Most employers and HR professionals are familiar with the basics of the Americans with Disabilities Act, which prohibits discrimination against individuals with disabilities in all areas of public life, including the workplace, and requires employers to make reasonable accommodations for disabled individuals.
When considering the ADA, though, many think primarily of those with physical disabilities; but these aren’t the only types of disabilities the law covers. Take, for example, autism.
Autism Is a Protected Disability
In an article for SHRM Executive Network’s HR People & Strategy, Susanne Bruyère explains that autism is “the most common member of a family called autism spectrum disorders (ASDs), also known as Pervasive Developmental Disorders (PDDs). Developmental disabilities such as autism are brain-based, neurological conditions that have more to do with biology than with psychology.
Autism is a disability and, as such, is protected by the ADA. There’s some good news here, though. Autistic employees can have a positive impact in the companies they work for.
Potential Benefits of Autistic Employees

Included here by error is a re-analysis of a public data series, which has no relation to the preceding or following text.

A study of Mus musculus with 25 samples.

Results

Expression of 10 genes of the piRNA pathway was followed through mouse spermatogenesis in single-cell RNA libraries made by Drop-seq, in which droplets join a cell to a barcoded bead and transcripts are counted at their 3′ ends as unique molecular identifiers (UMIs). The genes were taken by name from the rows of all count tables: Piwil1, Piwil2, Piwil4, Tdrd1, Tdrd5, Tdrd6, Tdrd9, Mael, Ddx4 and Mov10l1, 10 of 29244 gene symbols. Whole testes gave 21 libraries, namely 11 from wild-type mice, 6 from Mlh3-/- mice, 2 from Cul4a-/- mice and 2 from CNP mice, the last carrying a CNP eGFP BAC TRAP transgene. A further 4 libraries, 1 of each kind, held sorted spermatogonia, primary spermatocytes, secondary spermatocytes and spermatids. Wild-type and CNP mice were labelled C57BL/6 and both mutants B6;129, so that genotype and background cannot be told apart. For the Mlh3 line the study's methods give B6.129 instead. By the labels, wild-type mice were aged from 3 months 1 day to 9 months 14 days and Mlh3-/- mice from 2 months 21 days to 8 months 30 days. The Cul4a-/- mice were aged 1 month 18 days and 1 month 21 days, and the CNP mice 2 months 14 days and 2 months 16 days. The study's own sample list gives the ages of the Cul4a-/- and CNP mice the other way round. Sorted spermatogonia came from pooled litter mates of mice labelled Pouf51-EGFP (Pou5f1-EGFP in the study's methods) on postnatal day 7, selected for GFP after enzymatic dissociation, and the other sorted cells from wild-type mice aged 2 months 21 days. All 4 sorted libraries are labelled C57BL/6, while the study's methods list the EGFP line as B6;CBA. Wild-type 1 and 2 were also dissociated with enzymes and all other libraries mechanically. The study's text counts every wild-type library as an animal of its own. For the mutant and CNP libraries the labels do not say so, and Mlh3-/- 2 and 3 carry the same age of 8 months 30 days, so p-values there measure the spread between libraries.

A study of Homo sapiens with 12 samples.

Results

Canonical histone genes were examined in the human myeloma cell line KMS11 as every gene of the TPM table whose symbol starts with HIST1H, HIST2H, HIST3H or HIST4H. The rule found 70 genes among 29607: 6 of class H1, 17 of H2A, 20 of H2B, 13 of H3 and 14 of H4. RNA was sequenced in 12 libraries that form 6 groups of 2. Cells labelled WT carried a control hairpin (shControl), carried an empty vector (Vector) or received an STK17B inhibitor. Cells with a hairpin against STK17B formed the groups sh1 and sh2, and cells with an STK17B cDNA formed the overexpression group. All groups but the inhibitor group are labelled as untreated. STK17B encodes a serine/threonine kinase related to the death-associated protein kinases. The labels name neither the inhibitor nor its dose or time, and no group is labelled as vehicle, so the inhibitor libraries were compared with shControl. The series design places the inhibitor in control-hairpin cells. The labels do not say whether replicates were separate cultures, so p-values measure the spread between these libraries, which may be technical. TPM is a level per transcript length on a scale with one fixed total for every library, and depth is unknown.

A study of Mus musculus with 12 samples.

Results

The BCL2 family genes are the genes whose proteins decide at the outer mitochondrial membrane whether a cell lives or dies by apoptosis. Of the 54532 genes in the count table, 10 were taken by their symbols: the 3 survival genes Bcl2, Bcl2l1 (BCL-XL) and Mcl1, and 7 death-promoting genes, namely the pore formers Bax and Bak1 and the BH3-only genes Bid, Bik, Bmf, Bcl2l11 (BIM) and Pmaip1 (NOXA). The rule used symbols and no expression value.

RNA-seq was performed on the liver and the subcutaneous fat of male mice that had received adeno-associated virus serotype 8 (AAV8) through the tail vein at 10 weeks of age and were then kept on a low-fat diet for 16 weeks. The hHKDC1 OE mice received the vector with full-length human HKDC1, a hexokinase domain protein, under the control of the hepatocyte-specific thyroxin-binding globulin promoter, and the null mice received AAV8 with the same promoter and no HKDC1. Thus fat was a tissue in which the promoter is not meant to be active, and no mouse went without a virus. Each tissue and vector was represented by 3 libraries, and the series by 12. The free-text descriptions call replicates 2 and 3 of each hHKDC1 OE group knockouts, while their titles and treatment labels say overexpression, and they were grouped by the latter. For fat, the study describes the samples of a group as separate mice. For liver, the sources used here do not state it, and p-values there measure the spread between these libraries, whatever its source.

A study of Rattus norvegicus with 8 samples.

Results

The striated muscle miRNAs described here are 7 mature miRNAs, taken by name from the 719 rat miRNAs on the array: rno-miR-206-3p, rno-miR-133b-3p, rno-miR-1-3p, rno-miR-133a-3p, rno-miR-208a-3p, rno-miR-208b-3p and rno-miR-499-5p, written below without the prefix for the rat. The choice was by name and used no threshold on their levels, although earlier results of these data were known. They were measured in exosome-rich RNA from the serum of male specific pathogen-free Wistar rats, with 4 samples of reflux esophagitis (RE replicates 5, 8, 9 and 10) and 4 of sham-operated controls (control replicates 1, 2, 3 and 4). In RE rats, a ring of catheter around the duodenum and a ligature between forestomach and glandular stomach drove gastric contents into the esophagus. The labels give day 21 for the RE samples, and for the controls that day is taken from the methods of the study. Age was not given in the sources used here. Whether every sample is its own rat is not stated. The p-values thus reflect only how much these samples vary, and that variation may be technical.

Autistic individuals, while recognized by laws such as the ADA as disabled, often bring different—as opposed to fewer—skills and capabilities to the workplace. Bruyère notes that many companies are making efforts to be more inclusive of autistic individuals, “who often have unique talents for focus and pattern recognition that contribute to success in some technical jobs.”
Strategies for Recruitment and Success
Bruyère points out that autistic employees are no different from their colleagues in terms of desire to advance in their careers and having their talents and accomplishments recognized and appreciated. It’s important for HR professionals to help managers foster an inclusive and supportive environment for autistic individuals and help them understand the unique motivational and communication strategies that work well with this group.
Disabilities cover a much broader range of conditions than the physical. Not only should employers be conscious of their legal and moral responsibilities to individuals with neurological disabilities, such as those with autism, but also, they should be cognizant of the unique talents and skill sets that an inclusive policy toward autistic individuals can bring to their organizations.